Hot Topics

We regularly posts updates on regulatory issues related to traditional cheesemaking practices or on other matters that may affect them in the future. This section aims to be proactive rather than reactive, arming industry members and cheese enthusiasts with valuable background information should concerns arise. Useful links to primary regulatory and scientific documents are included.




Despite much popular misunderstanding, not only is cheese delicious, it’s nutritious. Scientific studies reveal that when consumed in moderation, cheese is a delicious way to add healthy fats, minerals, vitamins, and probiotics to your diet. Cheese serves as an important source of high-quality protein, fortified vitamin A and D, and minerals such as calcium, magnesium, and potassium. Cheese is not just good for your bones and teeth, but also your heart, metabolism, and yes, even your waistline. Next we present how cheese can contribute to a healthy lifestyle.



Raw-milk cheese is chronically misunderstood by policy makers and the public alike. Its regulation and safety has been a topic of heated debate for much of the last century. The Cheese of Choice Coalition was initially founded in 1999 to represent the interests of producers and consumers of raw-milk cheese at a time when legislative changes threatened to eliminate the long-standing regulatory exception for raw-milk cheese and to potentially criminalize it outright. A vital part of our mission continues to emphasize the quality and safety of raw milk cheese and to ensure that consumers have the right to choose their cheese of choice. As pioneering cheese retailer and author Steve Jenkins has famously said, to be denied that freedom would be to “wipe out one of the most beautiful and romantic links between human beings and the earth that we will ever know, and we are going to be the lesser for it.”y agree that fluid raw milk and raw-milk cheese have categorically different food safety profiles. Illness resulting from commercially sold raw-milk cheese is exceedingly rare. The CDC reported 122 incidents of dairy-related illness from 1993-2006 (7). Only 27 of those 122 involved raw-milk cheese, while 38 were a result of cheese that had been pasteurized. The frequency of incident linked to pasteurized cheese reflects the fact that most contamination occurs post-processing. According to the CDC report, only two fatalities were linked to unpasteurized dairy products over the 14 year span, and, although the report does not clearly indicate the origin, it is far more likely that these were a result of fluid milk or cottage industry than from commercially-sold raw-milk cheese.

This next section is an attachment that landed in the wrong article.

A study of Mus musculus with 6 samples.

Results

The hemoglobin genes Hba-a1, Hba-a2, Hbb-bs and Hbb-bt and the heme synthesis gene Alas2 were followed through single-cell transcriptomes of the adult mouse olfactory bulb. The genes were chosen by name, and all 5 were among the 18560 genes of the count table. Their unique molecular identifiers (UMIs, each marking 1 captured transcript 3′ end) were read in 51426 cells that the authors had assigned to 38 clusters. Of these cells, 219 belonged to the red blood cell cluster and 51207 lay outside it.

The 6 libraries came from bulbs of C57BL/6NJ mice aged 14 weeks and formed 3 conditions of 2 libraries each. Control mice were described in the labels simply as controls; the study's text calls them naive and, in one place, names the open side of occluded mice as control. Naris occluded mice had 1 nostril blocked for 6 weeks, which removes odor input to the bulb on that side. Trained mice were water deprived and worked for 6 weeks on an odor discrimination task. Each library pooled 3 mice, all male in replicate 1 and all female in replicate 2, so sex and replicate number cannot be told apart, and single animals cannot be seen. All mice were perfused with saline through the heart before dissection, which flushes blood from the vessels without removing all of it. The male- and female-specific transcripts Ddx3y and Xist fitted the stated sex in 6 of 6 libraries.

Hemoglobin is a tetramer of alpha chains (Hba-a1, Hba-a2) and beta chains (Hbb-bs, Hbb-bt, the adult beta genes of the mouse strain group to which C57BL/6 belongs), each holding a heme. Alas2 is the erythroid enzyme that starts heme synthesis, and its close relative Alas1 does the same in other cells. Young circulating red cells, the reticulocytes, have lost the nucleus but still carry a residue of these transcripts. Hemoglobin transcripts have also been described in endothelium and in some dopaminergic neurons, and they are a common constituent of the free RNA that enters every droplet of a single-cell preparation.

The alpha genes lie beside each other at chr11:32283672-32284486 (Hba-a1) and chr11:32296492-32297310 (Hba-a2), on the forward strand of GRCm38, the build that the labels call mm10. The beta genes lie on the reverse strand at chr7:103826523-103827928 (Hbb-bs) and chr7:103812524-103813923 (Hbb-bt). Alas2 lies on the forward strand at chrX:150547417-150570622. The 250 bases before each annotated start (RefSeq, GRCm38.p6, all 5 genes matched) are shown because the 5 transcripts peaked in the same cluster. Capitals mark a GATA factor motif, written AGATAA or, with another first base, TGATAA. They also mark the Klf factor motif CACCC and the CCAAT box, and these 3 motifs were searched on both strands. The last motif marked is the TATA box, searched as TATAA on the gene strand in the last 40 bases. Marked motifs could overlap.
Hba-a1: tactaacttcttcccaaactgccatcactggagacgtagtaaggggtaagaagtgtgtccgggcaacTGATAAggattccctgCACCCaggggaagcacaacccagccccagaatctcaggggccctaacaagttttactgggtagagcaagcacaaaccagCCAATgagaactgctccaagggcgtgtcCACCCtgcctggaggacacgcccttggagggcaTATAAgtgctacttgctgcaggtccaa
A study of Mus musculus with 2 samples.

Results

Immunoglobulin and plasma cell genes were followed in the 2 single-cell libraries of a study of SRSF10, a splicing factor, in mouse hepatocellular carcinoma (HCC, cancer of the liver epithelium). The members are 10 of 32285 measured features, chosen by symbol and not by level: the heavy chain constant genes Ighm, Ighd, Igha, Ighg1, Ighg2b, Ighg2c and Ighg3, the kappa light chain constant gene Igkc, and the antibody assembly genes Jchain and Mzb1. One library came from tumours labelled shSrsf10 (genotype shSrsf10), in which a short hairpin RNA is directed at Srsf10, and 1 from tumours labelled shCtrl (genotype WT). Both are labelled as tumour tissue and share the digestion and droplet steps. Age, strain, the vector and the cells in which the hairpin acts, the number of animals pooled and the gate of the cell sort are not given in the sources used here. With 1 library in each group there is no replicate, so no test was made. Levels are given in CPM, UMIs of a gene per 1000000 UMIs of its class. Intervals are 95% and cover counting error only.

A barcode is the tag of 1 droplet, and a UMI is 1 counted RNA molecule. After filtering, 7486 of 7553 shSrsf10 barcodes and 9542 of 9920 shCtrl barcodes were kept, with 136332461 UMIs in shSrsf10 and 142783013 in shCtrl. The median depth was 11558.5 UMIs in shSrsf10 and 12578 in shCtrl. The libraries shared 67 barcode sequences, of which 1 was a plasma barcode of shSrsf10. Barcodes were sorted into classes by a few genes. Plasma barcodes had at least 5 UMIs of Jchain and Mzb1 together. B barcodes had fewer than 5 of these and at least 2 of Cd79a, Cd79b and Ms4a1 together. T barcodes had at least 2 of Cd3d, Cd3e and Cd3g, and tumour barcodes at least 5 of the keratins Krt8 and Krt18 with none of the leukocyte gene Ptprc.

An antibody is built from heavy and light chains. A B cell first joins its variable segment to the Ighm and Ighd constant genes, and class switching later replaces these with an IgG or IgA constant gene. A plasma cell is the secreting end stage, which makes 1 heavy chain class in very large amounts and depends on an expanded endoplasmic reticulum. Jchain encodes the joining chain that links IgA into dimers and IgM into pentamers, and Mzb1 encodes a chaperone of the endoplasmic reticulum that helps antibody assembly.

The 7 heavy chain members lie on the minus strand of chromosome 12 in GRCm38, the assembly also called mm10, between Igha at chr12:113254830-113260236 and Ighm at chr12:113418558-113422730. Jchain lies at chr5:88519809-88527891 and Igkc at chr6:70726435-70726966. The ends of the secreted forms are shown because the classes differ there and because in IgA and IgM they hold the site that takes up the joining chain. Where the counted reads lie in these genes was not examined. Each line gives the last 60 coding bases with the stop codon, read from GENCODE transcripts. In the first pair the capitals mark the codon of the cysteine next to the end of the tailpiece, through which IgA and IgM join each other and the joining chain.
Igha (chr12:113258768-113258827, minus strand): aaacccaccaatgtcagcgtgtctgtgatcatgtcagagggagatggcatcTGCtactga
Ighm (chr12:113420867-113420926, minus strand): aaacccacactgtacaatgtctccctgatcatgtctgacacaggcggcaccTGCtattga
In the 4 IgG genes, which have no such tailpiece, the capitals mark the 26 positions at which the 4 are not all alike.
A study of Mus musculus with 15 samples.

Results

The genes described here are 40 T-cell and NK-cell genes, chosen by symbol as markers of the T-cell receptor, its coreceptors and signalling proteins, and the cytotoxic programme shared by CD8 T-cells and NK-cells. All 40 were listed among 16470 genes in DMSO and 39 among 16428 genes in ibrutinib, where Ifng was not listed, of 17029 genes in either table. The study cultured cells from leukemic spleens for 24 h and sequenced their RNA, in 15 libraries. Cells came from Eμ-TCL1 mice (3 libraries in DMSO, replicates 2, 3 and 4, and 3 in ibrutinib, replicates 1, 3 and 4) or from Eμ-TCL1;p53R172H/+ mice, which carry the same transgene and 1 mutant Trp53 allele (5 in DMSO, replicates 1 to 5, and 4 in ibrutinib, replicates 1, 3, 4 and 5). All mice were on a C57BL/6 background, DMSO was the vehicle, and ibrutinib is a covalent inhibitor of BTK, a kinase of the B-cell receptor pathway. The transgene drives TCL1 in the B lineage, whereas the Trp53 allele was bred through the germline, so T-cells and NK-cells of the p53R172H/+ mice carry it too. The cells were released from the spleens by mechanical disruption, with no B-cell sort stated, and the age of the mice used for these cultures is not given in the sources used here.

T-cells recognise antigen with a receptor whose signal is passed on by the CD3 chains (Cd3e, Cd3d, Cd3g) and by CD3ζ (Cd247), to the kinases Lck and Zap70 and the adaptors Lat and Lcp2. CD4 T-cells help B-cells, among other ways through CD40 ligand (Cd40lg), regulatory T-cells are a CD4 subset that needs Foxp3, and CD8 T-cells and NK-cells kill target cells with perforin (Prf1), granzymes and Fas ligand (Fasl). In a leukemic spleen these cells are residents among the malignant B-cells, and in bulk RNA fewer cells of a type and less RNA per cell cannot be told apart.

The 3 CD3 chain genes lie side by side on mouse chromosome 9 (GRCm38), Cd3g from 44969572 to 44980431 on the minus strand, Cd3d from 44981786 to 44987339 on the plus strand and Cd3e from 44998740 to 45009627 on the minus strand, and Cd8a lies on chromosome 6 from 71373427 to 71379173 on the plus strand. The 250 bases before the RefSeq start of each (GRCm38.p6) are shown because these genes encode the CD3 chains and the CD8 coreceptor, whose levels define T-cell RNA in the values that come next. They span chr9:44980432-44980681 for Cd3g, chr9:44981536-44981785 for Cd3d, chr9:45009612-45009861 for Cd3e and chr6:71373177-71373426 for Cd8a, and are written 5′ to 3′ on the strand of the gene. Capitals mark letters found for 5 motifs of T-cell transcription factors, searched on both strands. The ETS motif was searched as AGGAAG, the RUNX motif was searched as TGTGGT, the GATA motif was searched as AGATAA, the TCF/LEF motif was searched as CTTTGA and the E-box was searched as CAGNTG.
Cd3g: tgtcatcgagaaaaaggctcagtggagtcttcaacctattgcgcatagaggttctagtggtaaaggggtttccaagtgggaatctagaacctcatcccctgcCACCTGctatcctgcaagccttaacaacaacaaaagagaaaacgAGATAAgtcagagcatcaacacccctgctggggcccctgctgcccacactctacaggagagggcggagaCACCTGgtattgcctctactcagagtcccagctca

This hot topic article explores the scientific literature related to traditional cheesemaking equipment, specifically cheesemaking vats. It pays special attention to the capacity of wood and copper technologies to produce safe, healthy and hygienic food products on a consistent basis. Despite increased scrutiny, the literature reveals that traditional technology is not a food safety concern and, contrary to regulatory skepticism, traditional materials may, in fact, improve the microbiological quality of the cheeses. Attention is also paid to the role of traditional technology in ensuring unique cheeses of high sensory and organoleptic quality.



Aging cheese on wooden boards (commonly oak, spruce, and pine) is a vital part of the cheesemaking process in many cheesemaking regions, and has been in some cases for more than a thousand years. Many prominent and well-respected cheeses such as Beaufort, Comte, Gruyere, Roquefort, and Parmigiano-Reggiano in fact mandate that their cheese be matured for a specific period of time on wooden boards in order to receive the right to be branded with the seals of quality those names evoke. The tradition of artisan cheesemaking in America has drawn largely from the European example and thus the vast majority of domestically made cheeses are aged on wooden boards.